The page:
IN HIS NOTE to shareholders in HDFC Bank’s FY23 annual report, Sashidhar Jagdishan made an observation which has not got the attention it deserves — only 2% of the bank’s customers sourced their home loans from it, while 5% did it from other vendors. “The latter is equivalent to the size of our retail book. Home loan customers typically keep deposits that are five-seven times that of other retail customers. And about 70% of HDFC Ltd.’s customers do not bank with us. All these give us an idea about the size of the opportunity,” the HDFC Bank managing director and chief executive officer said while explaining why the merger with parent HDFC Ltd. was a wise decision (though long in the making). While Jagdishan did not mention the technical term for this opportunity, it is cross-sell — the number of products and services hawked to a customer.

The management tells Fortune India the bank is all about “cross-selling across customer segments and within customer segments by networking relationships.” The starting point of the cross-sell game does not matter. What’s important is that once you have on-boarded a customer, she remains hooked on. You may look at cross-sell as air-brushed word for the dated expression, “share of wallet.”

Take HDFC Bank’s home loan synergies now. More than 80% new-to-bank mortgage customers have opened savings accounts with healthy balances, enabling the bank to offer a wider product suite. Consider this: While the long tenure of home loans provides resilience to the balance sheet, the bank is one of the largest consumer durable financiers in the country. “We can easily bundle this with a home loan as a home loan customer has a propensity to buy new consumer durables. This kind of bundling will increase margins. With advantage of lower cost of funds and the phenomenal distribution muscle, it is imperative that we seize this opportunity,” says HDFC Bank. It will be interesting to watch how competitors react to its strategy from here on. Take Axis Bank, which sources more than 80% of its retail assets from existing customers. Three years ago, it made a fresh start with “Aarambh”, a programme to enhance product personalisation and cross-selling.

HDFC Bank could do limited cross-selling earlier as home loan book was with HDFC Ltd. The merger has changed the plot. Let’s pan to the numbers. While year-on-year financials are not comparable due to merger with parent entity HDFC Ltd., net profit for FY24 stood at ₹60,812 crore, up 37.9%. Deposits rose 26.4% to ₹23.7 lakh crore while advances expanded 55.4% to ₹25 lakh crore. Gross non-performing assets were 1.24% of advances in FY24 (1.12% in FY23). The bank’s capital adequacy ratio was 18.8% (19.3% in FY23).

Given the huge opportunity for cross-selling, it is possible that its financials will be turbo-charged in the years ahead. While there is no study on Indian banks’ cross-selling ratio in the public domain, senior bankers put the number at 3.5 (for every customer, 3.5 products are sold.) Wells Fargo is the world leader in cross-selling with a ratio near six. Cross-selling reduces customer acquisition cost and conserves capital.

Of course, it helps that there are also other marquee names within the larger HDFC family to cross-sell: HDFC Life Insurance, HDFC Ergo General Insurance and HDFC Asset Management. “Group HDFC” is a true-blue financial services conglomerate. “And what is important in this suite of products is that most of it is being digitally orchestrated and getting broad-based across other products,” says the bank.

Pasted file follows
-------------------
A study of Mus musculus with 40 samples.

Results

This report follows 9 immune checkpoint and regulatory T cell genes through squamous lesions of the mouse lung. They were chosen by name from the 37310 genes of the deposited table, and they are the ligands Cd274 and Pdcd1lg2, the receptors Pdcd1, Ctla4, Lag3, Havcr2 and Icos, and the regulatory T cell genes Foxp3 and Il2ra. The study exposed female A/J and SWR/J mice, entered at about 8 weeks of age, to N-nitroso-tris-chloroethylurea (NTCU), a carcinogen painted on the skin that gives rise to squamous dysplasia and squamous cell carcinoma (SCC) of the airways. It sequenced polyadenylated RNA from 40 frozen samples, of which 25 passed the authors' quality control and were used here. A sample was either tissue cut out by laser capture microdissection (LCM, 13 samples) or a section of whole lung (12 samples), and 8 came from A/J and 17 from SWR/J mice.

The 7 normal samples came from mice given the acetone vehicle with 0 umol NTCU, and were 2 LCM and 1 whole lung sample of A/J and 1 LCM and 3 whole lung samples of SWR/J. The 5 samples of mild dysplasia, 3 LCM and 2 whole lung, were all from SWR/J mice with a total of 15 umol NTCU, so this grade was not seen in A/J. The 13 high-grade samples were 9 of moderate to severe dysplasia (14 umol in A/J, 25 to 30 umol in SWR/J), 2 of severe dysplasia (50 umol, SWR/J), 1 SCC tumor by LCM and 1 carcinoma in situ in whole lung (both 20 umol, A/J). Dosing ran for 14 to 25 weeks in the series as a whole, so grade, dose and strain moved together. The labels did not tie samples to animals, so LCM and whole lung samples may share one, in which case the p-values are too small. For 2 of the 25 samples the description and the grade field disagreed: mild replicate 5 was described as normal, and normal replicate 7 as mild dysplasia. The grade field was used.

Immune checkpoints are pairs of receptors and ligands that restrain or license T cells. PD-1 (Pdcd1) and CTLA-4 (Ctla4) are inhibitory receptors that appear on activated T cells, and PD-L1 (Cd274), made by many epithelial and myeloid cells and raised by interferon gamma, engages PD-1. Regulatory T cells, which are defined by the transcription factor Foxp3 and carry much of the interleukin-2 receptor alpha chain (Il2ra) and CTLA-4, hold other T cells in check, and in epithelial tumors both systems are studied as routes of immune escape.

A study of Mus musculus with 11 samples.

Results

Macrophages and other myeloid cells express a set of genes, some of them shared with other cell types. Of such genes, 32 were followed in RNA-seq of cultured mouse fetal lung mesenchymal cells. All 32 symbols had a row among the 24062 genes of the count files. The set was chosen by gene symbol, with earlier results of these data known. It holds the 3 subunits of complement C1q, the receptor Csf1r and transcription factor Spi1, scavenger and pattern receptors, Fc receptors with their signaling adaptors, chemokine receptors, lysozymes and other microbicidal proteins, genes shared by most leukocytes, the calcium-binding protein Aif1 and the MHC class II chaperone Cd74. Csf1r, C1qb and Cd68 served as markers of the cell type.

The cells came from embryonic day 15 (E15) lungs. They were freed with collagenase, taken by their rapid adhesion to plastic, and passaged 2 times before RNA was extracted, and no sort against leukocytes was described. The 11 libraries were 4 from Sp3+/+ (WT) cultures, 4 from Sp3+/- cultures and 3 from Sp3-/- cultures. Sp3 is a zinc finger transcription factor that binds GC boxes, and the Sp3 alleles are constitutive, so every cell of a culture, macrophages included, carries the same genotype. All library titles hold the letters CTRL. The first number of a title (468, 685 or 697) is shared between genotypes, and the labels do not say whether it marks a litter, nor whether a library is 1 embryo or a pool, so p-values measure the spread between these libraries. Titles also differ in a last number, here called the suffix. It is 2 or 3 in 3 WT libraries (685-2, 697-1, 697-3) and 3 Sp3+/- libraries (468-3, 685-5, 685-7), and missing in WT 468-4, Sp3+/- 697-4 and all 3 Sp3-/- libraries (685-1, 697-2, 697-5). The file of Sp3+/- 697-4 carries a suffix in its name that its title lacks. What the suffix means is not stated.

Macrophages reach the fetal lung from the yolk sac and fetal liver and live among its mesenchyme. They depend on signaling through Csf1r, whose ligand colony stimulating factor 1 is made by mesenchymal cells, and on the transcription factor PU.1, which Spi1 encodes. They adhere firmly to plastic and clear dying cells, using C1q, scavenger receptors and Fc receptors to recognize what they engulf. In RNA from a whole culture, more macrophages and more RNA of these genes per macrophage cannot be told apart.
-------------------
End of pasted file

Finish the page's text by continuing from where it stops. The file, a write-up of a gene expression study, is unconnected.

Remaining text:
Another factor that will propel HDFC Bank is commitment to technology upgrade and digital transformation through launches like BizExpress, SmartWealth app, PayZapp 2.0. You also have the hinterland, which will be a force multiplier. “The expansion of the branch network reflects dedication to accessibility. It has 8,738 branches; over 50% in semi-urban and rural areas. This enhances reach and brand visibility,” says the management.

Bigger games are afoot. Jagdishan spelt this out in Annual Report FY24, and it will be visible in full flow in the coming years. “A bigger balance sheet post merger will enable HDFC Bank to take a larger exposure in infrastructure projects. This means we can participate more meaningfully in India’s growth story and contribute to nation building. In light of all this, the pace at which we aim to grow, we could be creating a new HDFC Bank every four years.”

There’s also something to be said of the corner-room occupant, Jagdishan, as a person. Reverse mergers in banking are not new: we had ICICI Ltd.-ICICI Bank and IDBI Ltd.–IDBI Bank. But in both cases, the offsprings, ICICI Bank and IDBI Bank, were much smaller compared to their parents. HDFC merger was a coming together of behemoths. Jagdishan had quite a task on his hands after the exit of his mentor, the redoubtable Aditya Puri, who had led the bank since inception; plus, post merger, Deepak Parekh also signed off from HDFC Ltd. The task of chiselling HDFC Bank 2.0 fell on Sashidhar Jagdishan. He has pulled it off and, in the process, come out of the shadow of the giants.

The self-effacing and media reticent Jagdishan can be brutally frank as well. In his first annual report, he was candid: “In last 28 months, we have been in the spotlight for the wrong reasons when it comes to technology. Also, there have been deficiencies in compliance.” He was referring to Reserve Bank of India banning HDFC Bank from issuing new credit cards, putting on hold new launches under its Digital 2.0 initiative and third-party audit of IT systems.

HDFC Bank’s new avatar will probably be more exciting.